Since 2000 when I started to work in digital there has been a constant learning curve for agencies, advertisers and publishers alike. The fantastic part of working in digital but also the greatest challenge is that it rarely sits still for long, leaving people constantly chasing the next level of knowledge. If I look back over the last thirteen years there have been some key milestones. First we got this whole thing off the ground around 2000 in a real manner. We then saw the rise of Search as a real revolution of the digital business. The dot com crash and overall stagnation saw little innovation until Youtube, social media start up around the middle of the decade. Just as everyone was comfortable along came Real time bidding and exchanges.
Each sector of our business has responded differently to each of the challenges and seen different challenges and opportunities. In the last 12 months I have been asked to talk at a couple of B2B events on the subject of RTB, it is a business that was traditional in nature and could understand digital from a search and targeting perspective, mainly because they could replicate the very industry specific offline approach online. Many websites, content specific and so on. The trouble is RTB is not about the content. It can be part of the equation, but it is not the driving force. The driving force is Audience and reaching that audience.
At first that felt wrong to people but actually I have had many conversations over the years where we wanted to target small business owners or IT professionals and the conclusion was that these professionals ‘were just people’ and we should target them not just in work specific environments but also in their spare time, catching them where you would expect them to be. How many campaigns run on Golf sites in the hope of attracting C-level execs?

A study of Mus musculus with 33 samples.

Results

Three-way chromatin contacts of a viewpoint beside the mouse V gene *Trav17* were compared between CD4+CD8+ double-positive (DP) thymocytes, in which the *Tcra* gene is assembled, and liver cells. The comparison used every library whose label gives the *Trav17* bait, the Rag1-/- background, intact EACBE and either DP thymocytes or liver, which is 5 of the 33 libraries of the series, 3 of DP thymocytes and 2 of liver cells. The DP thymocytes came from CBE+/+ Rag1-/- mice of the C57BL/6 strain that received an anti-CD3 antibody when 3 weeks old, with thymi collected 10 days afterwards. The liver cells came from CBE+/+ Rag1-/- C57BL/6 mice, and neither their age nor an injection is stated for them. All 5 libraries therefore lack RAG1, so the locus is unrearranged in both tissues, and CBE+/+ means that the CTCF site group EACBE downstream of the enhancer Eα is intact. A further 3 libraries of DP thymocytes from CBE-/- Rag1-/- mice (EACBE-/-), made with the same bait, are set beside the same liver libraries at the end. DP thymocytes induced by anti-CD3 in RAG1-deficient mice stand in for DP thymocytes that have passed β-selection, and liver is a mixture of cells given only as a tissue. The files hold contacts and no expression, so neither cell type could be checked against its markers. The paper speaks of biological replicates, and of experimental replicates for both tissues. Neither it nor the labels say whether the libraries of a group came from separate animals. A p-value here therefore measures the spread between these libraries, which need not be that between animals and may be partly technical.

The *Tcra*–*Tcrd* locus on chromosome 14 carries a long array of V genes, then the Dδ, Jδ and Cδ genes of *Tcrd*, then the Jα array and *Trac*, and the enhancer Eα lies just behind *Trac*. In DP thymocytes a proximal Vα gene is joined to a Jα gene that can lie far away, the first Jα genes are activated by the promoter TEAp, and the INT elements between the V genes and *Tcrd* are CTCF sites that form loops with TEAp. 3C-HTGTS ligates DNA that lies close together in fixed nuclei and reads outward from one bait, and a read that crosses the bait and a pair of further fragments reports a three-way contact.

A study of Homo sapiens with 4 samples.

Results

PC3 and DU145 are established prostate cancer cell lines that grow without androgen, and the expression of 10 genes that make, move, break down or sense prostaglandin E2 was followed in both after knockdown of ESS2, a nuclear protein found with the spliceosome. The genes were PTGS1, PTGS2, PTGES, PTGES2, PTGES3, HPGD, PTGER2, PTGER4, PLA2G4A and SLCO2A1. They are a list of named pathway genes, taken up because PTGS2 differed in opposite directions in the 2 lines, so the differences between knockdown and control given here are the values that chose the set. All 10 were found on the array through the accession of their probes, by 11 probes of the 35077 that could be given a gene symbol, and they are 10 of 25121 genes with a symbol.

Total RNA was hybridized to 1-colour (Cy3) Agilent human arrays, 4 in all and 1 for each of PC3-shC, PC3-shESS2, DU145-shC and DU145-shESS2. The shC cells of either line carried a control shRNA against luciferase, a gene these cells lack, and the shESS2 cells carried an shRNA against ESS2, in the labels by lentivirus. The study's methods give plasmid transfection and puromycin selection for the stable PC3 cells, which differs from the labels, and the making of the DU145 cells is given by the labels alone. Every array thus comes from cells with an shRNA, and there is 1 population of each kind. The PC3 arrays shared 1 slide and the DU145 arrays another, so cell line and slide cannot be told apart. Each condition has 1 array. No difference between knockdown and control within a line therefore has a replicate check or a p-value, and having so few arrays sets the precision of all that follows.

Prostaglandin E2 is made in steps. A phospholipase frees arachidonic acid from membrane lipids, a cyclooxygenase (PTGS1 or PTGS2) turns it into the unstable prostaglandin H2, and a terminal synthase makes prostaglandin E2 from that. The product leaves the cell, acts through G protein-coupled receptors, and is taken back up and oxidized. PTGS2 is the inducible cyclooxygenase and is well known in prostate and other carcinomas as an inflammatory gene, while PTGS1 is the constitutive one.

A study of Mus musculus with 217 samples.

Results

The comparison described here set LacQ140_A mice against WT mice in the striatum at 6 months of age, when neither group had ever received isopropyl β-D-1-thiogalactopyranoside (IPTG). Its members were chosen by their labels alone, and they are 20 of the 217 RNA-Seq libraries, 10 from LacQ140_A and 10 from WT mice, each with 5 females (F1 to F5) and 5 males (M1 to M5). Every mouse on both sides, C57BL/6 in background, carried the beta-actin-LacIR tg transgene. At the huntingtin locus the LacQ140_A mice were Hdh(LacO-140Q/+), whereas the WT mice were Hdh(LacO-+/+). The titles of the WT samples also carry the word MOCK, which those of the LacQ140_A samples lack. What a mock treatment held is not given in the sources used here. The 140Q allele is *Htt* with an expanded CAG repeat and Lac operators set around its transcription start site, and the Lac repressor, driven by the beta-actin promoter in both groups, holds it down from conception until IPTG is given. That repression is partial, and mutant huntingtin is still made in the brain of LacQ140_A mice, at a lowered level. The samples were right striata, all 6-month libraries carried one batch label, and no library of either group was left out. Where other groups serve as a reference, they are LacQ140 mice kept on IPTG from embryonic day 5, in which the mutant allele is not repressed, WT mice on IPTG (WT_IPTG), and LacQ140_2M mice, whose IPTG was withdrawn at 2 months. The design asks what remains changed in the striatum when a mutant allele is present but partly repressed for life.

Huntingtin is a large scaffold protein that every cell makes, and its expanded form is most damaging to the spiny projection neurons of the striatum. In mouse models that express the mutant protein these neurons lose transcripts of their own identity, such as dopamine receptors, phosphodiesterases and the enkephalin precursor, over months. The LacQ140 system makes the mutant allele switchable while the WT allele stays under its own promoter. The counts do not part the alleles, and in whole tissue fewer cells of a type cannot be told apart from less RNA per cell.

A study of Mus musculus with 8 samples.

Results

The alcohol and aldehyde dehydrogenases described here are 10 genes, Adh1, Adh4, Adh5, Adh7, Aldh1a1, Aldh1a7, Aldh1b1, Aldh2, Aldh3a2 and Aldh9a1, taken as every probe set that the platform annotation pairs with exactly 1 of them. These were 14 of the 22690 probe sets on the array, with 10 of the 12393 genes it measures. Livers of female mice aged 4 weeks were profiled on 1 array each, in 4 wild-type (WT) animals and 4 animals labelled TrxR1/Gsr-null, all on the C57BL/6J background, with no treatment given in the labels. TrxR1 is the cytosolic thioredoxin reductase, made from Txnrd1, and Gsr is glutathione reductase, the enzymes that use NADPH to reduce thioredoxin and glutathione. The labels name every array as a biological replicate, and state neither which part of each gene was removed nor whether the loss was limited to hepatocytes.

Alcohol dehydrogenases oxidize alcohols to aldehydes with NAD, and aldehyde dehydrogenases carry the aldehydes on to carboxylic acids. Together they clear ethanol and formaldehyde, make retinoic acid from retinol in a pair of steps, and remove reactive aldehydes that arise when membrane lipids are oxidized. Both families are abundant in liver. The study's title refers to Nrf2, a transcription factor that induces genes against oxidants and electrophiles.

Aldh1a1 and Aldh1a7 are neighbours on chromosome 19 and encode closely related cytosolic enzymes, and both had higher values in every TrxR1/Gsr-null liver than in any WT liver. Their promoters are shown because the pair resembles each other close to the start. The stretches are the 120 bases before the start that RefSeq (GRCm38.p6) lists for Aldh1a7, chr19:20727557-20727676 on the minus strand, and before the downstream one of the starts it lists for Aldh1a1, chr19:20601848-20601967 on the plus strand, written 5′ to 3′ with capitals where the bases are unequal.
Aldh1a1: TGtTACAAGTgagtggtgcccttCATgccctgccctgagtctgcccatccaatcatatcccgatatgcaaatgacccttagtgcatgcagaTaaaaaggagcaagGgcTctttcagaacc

At the heart of the issue is that, how do you target very specific audiences without being in very specific content. Reaching the investment community, IT hardware budget holders, small businesses, you name it. Well RTB has some answers and the marketeers of B2B and Publishers alike need to start testing and creating their own very bespoke audiences. The data is there, as an advertiser you have visitor data, registered user data, you have data from your social presence and more. Publishers collect information all the time and there is even more they can do as sophistication increases. Planning is not what it used to be, planning starts by creating profiles and target segments using your data, publisher data and third party data. Start to create and test, RTB allows you to switch on and off in an instant and so the opportunity to learn is immense.
I sometimes have this impression that people still see RTB as the remnant of the industry on long tail sites. This is a misconception so I advise a marketeer to go an investigate. The world’s leading content is now in the exchange ecosystem, whether through private marketplaces or public. If the FT, Guardian, Telegraph most IT sites all see opportunity then the marketeer should also. The technology and the data can now be applied intelligently to all this premium inventory and combine that with intelligent use of dynamic creative and you have a powerful opportunity. And after all of those benefits you can apply the macro benefits of RTB – you dont buy upfront, you buy what you need to buy, one impression at a time. You can frequency cap, single reporting and achieve transparency of what you are buying. These are vital in the new digital ecosystem marketeers should be demanding this as standard.
I often spend time explaining to advertisers that we have changed our agency model, the publishers have adapted or are in the process of adapting to this revolution in digital, but many times we dont challenge the advertiser to change. That would be my core message here, dont do what you have always done, you should change and if you agency partner is not challenging you to do that then you have the wrong agency.